Senior housing facility has opened in Batavia

Clermont Senior Services CEO Cindy Jenkins Gramke stands outside the new facility in Batavia.

Clermont Senior Services CEO Cindy Jenkins Gramke stands outside the new facility in Batavia.
By Jordan Puckett
Sun staff

Clermont County Senior Services has built a new senior housing facility in Batavia. The new facility, called Dimmitt Woods Senior Housing, was named after founder of Batavia, Ezekiel Dimmitt. The new building is located where his original homestead once stood.

The new facility is Clermont County’s seventh housing project for low-income seniors. The facility was designed for seniors still able to care for themselves. There are 40 single bedroom units in the new complex. With the addition of this seventh housing facility, there are now 264 total units in Clermont County.

“There are 207 on the waiting list for these units,” said Cindy Jenkins Gramke, executive director and CEO of Clermont County Senior Services. “The waiting list really reflects the need for this housing.”

The project was funded by Section 202 of the U.S. Department of Housing and Urban Development. Before construction began, the federal government voted to suspend funding for HUD 202 while establishing the federal budget for 2012. The program can not fund any new projects.

“I want to stress that no levy dollars were used to build these units,” Gramke said. “Levy dollars are to serve the people, not build housing.”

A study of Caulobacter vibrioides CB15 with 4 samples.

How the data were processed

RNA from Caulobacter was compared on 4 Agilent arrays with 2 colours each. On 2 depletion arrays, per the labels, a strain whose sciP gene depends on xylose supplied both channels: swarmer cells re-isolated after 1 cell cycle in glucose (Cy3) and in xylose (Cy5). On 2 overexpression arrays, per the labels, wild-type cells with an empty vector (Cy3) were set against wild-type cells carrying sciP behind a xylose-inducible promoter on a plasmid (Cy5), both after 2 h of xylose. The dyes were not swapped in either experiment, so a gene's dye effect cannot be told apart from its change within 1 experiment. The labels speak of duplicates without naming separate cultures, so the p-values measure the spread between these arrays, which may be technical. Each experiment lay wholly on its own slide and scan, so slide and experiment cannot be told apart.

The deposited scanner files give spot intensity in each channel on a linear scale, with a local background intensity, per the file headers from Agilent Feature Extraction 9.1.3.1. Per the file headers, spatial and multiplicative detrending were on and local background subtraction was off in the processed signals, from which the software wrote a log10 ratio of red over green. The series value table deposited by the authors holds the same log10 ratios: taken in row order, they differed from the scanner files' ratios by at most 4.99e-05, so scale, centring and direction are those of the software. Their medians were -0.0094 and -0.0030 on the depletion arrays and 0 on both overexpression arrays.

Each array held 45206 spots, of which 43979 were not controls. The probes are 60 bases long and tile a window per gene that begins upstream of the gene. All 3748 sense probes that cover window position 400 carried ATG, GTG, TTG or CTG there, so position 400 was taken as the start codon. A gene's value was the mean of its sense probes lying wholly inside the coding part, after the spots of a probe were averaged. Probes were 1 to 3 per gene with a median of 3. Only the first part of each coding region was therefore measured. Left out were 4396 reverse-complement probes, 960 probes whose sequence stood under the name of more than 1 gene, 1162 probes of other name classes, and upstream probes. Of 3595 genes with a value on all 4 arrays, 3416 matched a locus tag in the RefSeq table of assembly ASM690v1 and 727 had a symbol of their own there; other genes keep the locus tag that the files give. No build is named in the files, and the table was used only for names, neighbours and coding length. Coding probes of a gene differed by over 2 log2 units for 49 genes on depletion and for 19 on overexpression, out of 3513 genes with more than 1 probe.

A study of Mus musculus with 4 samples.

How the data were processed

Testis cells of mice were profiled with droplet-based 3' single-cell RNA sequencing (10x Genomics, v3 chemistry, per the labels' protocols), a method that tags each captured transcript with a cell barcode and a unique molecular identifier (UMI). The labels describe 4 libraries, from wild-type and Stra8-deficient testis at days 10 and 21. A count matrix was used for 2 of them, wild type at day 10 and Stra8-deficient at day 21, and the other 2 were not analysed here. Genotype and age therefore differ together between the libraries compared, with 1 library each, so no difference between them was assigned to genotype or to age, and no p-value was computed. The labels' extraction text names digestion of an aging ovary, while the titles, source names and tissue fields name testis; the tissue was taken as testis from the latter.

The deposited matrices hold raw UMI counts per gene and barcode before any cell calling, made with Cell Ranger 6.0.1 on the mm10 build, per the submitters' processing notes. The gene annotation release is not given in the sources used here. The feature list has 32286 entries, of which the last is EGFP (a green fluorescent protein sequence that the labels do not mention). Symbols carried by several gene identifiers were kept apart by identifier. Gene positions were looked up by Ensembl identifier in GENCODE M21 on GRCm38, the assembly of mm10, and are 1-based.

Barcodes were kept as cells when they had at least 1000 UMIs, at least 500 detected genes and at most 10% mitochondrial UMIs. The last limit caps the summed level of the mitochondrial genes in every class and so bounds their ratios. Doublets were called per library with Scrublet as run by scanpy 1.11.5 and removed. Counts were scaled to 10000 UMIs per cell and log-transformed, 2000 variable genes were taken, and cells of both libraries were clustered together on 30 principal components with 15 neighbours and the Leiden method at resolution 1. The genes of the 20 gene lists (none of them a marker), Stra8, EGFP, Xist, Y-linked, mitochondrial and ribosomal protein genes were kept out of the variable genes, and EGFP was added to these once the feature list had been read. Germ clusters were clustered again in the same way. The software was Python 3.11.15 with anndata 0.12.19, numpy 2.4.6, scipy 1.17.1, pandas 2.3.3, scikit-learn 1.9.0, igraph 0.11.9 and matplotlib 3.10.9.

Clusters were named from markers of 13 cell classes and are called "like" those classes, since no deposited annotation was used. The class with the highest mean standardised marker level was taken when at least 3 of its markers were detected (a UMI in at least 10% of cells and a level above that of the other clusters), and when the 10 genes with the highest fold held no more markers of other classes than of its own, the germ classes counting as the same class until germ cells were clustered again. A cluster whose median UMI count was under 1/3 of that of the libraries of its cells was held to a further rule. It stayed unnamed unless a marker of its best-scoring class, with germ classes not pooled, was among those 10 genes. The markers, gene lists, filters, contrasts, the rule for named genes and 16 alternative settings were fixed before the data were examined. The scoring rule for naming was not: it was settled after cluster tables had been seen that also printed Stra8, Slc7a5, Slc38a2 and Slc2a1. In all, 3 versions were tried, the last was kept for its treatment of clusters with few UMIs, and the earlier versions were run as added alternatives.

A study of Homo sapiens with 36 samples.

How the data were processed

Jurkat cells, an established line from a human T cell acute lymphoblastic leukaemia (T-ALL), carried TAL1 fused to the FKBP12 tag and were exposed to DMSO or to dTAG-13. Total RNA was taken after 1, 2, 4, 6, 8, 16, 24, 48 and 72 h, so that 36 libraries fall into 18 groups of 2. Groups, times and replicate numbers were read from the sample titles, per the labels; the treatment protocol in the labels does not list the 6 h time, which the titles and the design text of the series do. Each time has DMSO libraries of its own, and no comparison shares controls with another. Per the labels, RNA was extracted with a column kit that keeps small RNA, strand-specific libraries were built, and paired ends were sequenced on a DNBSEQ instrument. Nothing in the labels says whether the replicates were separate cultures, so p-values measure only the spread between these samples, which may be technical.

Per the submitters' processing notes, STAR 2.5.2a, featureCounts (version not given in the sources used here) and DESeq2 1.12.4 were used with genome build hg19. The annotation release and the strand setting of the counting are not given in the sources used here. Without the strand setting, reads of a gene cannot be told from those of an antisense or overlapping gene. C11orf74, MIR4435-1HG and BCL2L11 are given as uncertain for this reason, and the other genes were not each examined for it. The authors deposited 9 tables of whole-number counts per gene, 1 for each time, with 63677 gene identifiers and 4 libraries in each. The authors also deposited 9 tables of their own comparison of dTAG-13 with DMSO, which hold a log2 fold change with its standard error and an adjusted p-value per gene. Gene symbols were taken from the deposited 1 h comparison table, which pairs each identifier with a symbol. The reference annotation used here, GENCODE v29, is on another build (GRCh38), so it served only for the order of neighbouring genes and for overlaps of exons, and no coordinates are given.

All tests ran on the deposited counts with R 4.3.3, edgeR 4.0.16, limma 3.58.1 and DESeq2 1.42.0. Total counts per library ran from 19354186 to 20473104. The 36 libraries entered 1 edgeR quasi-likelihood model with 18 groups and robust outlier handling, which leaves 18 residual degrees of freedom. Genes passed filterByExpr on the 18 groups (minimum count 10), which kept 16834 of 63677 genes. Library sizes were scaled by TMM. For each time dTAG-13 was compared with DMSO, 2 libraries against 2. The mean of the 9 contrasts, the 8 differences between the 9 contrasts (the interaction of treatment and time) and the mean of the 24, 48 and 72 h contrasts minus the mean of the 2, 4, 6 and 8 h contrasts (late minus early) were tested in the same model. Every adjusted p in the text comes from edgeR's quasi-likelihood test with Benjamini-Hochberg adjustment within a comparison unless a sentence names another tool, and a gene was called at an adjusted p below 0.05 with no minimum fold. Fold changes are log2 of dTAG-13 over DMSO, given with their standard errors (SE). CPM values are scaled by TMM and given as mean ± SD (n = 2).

As for the HUD 202 program, Gramke is hopeful that the government will realize its worth and refund it.

“It’s important for seniors to have the opportunity to live in safe, affordable housing,” she said. “We will continue to advocate for the program. HUD 202 has been a very successful program.”

Construction on the project began in spring of 2012 and was completed spring 2013. As of now, 30 of the units have already been filled. The remaining 10 will be filled by mid June.

Each of the county’s seven facilities include an onsite manager, secured entry doors, emergency pull cords, smoke detectors, elevators, individually controlled heating and cooling systems, coin operated laundry, community rooms, outdoor patios, and are wheelchair accessible.

“I feel very secure here,” said current resident Bertha Sullivan. “It’s quiet and open. We get fresh air here.”

“I was inactive before I came here,” said resident Carolyn Wood. “I need to be more active, and I think I’ll be able to do that here.”

The residents were also impressed with the walking trail that wraps around the building and passes the two ponds. They expressed excitement about seeing deer and other wildlife around the building.

“It’s like living in the country,” Sullivan said. “It’s great.”

To be accepted for the housing, applicants must be at least 62 years of age with an annual income less than $24,050 or less than $27,500 for two people. Residents pay 30% of their annual income. All utilities are included except cable television and telephone.

“We’re very excited about this project,” Gramke said. “These things take a long time to complete, and we’re very excited to see it come to completion.”

The date for the ribbon-cutting has not yet been finalized. It will take place sometime in July.